The Boodles Garden

Sanctuary Gardens

The Boodles Garden is a celebration of the 200th anniversary of the National Gallery. Taking inspiration from paintings at the gallery, it evokes the spirit of many significant artworks. The creative vision for the design takes from artistic elements, including colours, textures and ‘hidden details’ in paintings viewed during visits to the gallery.

With a theme of ‘art in nature’ the planting scheme, topiary, sculptural metal arches and water features are inspired or represent aspects of specific paintings and art movements, including Pointillism and Impressionism.  Subtle links to prominent paintings at the gallery will pervade the garden’s design and planting, providing visitors a visual treat where nature represents art, and vice versa.

The visitor is led through the garden via a green toned walkway beneath a series of sculptural arches that appreciate Canaletto and Claude’s elements of repetition and perspective, as well as honour Klimt and Menzel’s proclivity concerning fabric and intricate detail. 

A succession of bespoke textured metal water features define the space, providing surfaces to play with light and reflection reminiscent of Renoir, Monet and Seurat. 

The planting palette is predominantly green and act as a superb foil for the warm bold shades that weave and punctuate the garden representing the artist’s brushstrokes and texture within pointillist and impressionist paintings.

At a glance:

Who is this garden for?
Being a celebration of art and the National Gallery, this garden installation aims to stimulate the visual senses and provide the viewer with a sense of joy.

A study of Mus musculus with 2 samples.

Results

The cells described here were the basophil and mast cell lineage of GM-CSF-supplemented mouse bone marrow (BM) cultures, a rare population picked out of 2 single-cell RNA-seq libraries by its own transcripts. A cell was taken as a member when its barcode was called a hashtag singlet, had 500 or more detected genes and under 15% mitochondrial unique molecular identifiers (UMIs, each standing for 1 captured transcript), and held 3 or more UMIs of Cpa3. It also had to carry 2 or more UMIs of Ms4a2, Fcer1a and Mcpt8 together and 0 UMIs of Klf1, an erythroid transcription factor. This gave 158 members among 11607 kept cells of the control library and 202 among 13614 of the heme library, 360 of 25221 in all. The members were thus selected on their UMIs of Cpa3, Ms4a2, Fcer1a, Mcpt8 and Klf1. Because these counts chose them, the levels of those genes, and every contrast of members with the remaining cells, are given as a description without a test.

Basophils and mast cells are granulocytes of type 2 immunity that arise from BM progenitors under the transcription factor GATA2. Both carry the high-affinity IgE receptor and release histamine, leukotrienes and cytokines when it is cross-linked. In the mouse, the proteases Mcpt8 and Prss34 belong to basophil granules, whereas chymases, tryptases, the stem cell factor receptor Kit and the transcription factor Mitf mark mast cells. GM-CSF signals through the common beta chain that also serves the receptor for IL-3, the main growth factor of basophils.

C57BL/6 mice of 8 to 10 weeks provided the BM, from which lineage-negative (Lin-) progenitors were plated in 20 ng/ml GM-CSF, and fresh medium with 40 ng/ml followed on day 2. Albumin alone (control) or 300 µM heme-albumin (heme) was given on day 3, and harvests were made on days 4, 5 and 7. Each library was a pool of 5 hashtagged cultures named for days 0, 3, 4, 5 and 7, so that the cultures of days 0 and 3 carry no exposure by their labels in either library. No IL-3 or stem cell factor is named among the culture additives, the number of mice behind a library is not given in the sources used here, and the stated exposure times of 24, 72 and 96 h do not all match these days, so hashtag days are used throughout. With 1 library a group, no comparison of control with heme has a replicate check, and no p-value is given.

Where is the garden set?  
The garden would suit a sheltered urban location in southern UK, where not all plants need to be hardy.
Who or what is the design inspiration?
Drawing from the endless inspiration available at The National Gallery, the garden is a distillation and combination of the aesthetic and styles of these great works of art with the hope of bringing a sense of celebration and joy to all that view it.

Key sustainability points

  • Alternatives to cement throughout the garden including zero use of cements in concrete and any sub-base works, as well as recycled and repurposed sand.
  • Hessian used for the protective membrane, and avoiding single use plastic, where possible.
  • Garden arches designed to be lightweight and open (reducing wind resistance) to enable sub-base works to be less invasive and to allow for minimal construction.


Subject to planning authority consent, the aim is to rebuild part of the garden in front of the gallery, near the Getty Entrance, facing Trafalgar Square.